March 16, 2011 Edition

future generations

John Bland

We attended two separate funeral services Saturday afternoon for two friends - individuals with seemingly little in common other than their ties to Walnut Ridge and Lawrence County. Bob Guimon was a Baptist, married almost 60 years and a grandfather. Sloan "Muffin" Swindle was a Catholic and a single mother with two daughters, a 14 and nine year old. On reflection, however, it became clear that the two shared much in common.


At the first service, Pastor Derek Collins shared the following story about Bob Guimon. A mother asked a Walnut Ridge couple to watch their infant son while she went to the store. The mother never returned, and the couple, Jacob "Jake" and Essie Lacey Guimon, adopted, named him (Bobby Surridge Guimon) and raised the child. As a grown man, Bob Guimon and his wife, Nedra, would adopt a son and name him Robert Kyle Guimon. The cycle continued as Kyle and his wife, Debbie, then adopted their son, Matthew.

Despite having a doctorate in nuclear/cosmo chemistry and a successful career, Kyle was led to become a minister and missionary. Kyle, Debbie and Matthew moved to Uganda, where they would establish an orphanage, church and school. Kyle is now deceased, but Debbie and Matthew are still involved in this ministry that influences many for the good.


The second service was the burial for Dr. Carol Sloan "Muffin" Swindle, whose funeral had been that morning in Conway. Despite her education and career, Muffin found her true calling to be a mother. She first adopted daughter, Polly, and then daughter, Swan, both of whom were born in China. Through the years, she mentored other single mothers and couples, offering them support and encouragement in their efforts to adopt.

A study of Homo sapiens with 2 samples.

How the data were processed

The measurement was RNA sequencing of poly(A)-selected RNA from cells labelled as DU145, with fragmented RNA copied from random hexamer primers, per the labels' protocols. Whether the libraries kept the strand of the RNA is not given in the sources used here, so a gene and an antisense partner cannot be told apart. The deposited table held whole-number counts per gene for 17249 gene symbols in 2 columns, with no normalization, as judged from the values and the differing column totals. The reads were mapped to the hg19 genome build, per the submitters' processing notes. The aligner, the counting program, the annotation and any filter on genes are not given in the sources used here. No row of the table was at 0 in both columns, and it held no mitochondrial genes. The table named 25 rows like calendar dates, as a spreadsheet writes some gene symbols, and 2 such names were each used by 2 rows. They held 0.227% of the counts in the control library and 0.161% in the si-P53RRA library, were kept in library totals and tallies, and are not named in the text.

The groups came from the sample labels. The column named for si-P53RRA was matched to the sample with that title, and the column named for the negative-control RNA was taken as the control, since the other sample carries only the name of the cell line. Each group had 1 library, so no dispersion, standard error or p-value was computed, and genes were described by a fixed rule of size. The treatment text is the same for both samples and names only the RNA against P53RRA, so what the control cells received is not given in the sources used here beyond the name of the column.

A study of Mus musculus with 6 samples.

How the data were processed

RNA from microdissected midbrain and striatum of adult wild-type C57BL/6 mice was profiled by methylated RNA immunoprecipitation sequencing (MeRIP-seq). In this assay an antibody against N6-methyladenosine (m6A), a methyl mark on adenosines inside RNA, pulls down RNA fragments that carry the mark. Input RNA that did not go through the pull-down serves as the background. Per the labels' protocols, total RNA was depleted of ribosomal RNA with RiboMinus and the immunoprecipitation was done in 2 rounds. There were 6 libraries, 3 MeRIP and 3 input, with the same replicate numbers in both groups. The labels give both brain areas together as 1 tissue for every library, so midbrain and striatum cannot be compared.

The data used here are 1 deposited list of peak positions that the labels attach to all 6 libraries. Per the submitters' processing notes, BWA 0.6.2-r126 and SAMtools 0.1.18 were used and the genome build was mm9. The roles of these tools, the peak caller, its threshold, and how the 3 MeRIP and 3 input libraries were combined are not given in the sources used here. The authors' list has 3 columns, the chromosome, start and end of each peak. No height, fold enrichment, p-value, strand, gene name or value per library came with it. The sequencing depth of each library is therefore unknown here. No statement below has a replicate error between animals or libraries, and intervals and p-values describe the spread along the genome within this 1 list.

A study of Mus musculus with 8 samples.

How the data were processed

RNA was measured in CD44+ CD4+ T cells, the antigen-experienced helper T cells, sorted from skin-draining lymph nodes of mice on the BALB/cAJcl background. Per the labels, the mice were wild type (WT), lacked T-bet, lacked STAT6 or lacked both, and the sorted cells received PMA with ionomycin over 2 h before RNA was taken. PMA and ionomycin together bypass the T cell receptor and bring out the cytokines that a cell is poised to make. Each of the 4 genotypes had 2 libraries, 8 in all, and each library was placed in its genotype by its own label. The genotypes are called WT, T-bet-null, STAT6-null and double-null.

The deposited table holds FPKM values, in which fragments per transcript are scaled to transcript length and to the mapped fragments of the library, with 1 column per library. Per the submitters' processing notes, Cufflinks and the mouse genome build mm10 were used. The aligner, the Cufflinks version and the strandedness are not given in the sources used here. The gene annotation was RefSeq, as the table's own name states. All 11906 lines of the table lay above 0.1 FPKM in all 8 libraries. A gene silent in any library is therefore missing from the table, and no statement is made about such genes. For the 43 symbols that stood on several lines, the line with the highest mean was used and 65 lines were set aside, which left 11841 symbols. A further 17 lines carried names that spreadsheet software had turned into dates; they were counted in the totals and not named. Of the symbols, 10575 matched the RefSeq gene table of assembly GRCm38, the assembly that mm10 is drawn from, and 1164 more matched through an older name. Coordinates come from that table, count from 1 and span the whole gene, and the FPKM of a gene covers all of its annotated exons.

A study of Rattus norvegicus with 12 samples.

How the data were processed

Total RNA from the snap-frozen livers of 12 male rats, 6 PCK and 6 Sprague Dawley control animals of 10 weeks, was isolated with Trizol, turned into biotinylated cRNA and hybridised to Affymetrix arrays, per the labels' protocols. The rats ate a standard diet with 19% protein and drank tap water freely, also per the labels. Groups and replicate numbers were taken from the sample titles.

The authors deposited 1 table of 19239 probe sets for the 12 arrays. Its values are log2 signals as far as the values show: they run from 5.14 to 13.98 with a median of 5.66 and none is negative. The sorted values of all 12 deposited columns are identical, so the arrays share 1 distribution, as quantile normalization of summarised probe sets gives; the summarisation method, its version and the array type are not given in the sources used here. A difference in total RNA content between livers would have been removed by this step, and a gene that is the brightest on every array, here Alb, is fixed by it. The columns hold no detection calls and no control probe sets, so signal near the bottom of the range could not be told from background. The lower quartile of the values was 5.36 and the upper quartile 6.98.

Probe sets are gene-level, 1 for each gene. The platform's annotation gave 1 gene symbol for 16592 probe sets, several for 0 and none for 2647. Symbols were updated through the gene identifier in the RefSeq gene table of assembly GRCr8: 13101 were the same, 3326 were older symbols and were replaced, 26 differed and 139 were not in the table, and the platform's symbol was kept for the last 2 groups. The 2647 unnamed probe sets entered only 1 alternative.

Muffin also started Leland's Hope, "Matching those who need pets with the pets who need them." The foundation's goal is to make a specific effort to match a pet to an owner with special needs, such as autism, Down syndrome, depression or anxiety, and who could greatly benefit from the company of a dog.


Bob Guimon instilled attributes such as the importance of hard work and spiritual faith in his son and grandson, according to his pastor. By her example, Muffin instilled in her girls a love of life, learning and compassion toward all God's creatures.

They were two different individuals, but both left behind a legacy of adoption, positive examples and lives changed for the better. Their influences will live on, impacting present and future lives in extraordinary ways only God can see.